ST Brigid’s charism may date back to fifth century Celtic origins, but she remains an inspiration for young women at Brigidine College, Indooroopilly, today as they journey in faith and service.
Deputy principal for mission Andrew Beiers said the college’s patron continued to “ignite the sense of purpose and hope that education brings”.
“It’s a lived thing – a vocation to take on what it means to be Brigid today,” he said.
St Brigid was a strong woman known for her hospitality and deep concern for the poor.
She worked as a peacemaker, a healer and carer of creation.
“The Brigidine Sisters have kept St Brigid’s core values alive,” Mr Beiers said.
“Through the Brigidine motto of Strength and Gentleness, we continue to be challenged to create a better world through education in the 21st century.”
On International Women’s Day, current students are inspired by stories from past Brigidine College students who are living the Brigidine Sisters’ legacy today.
Ten graduate students from 2012 formed the group, Brigid’s Women, to undertake social justice initiatives and raise awareness post-high school.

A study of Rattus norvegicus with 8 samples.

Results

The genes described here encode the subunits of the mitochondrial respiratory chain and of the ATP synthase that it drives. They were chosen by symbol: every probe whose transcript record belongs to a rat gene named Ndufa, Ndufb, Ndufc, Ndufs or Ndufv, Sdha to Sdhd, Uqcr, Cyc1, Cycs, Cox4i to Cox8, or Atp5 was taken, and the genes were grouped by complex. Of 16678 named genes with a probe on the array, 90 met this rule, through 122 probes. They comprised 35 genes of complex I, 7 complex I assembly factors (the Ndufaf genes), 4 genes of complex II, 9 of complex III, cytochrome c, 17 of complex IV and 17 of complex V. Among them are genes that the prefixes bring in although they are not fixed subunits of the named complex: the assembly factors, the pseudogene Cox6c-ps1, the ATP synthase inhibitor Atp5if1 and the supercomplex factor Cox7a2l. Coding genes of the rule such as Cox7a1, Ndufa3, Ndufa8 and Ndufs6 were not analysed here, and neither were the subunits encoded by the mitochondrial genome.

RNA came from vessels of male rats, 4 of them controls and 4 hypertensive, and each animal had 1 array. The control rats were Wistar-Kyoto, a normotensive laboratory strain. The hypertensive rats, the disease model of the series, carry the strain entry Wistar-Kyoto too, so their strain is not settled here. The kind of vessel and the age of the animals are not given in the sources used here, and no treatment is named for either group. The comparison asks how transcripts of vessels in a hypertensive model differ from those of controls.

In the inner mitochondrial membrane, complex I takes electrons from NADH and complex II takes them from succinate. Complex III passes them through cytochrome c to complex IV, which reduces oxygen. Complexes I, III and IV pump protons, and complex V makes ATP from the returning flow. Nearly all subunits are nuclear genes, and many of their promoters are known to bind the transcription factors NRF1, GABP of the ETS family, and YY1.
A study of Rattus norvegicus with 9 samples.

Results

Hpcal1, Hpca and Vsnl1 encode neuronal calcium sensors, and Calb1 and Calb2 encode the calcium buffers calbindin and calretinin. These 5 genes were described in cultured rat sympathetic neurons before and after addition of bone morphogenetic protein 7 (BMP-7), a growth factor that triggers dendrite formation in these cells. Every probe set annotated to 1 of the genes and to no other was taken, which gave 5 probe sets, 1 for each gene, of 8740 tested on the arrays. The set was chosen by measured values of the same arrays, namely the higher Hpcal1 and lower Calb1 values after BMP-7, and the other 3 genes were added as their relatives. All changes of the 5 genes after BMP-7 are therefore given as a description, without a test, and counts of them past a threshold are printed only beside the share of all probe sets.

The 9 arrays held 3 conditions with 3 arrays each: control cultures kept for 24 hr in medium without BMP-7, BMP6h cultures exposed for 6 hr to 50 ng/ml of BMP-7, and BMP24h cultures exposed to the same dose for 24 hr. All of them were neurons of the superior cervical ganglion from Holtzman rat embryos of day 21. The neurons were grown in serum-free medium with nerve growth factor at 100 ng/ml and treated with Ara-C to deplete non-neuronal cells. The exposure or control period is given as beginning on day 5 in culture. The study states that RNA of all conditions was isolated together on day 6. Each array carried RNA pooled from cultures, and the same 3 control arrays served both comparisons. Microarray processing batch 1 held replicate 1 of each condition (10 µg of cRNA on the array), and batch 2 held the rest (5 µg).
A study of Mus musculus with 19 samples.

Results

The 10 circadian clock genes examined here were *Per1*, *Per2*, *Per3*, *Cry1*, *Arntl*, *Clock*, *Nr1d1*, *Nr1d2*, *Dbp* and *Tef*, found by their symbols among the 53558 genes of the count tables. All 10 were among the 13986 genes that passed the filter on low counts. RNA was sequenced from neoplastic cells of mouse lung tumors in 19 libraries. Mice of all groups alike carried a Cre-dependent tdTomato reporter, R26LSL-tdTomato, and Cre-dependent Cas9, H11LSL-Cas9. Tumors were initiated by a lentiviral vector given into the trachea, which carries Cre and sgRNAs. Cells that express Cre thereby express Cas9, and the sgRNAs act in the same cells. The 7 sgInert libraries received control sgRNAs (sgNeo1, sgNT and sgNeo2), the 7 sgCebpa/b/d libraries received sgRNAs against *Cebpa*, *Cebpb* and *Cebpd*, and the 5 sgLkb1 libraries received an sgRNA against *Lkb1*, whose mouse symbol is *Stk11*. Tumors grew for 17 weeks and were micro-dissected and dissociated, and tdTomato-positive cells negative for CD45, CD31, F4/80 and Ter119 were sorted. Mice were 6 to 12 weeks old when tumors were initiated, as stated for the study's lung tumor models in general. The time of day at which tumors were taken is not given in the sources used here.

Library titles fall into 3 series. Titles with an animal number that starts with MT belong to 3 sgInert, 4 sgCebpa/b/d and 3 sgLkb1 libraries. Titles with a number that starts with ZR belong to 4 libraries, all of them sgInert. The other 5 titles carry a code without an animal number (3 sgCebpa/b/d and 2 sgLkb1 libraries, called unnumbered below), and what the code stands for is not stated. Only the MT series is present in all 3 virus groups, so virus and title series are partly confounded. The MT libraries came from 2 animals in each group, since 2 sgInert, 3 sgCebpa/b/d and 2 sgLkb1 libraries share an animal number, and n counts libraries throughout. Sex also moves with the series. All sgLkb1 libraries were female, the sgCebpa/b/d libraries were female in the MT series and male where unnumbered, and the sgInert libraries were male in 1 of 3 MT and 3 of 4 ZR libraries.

Brigida Corte-Real and Mel Brown were two of the driving forces of Brigid’s Women.
Ms Corte-Real has been working in East Timor with the student Christian movement and Ms Brown has lived with and taught orphans in Malawi.
Erin Kennedy, a 2001 senior and now a teacher, staged a paper boat protest during G20 last year to focus attention on the plight of refugees, a topic close to the heart of all Brigidine women.
She is using the transforming power of art as a weapon to fight against injustice and oppression through ARTillary.
Jo Standen, 2010 college captain has recently returned from Cambodia and next year will follow her passion to be with indigenous communities in remote north Queensland.
Anyone is welcome to learn more about Brigid’s Women by visiting Brigidine College on its open day on Sunday, May 17. Go to www.brigidine.qld.edu for more details.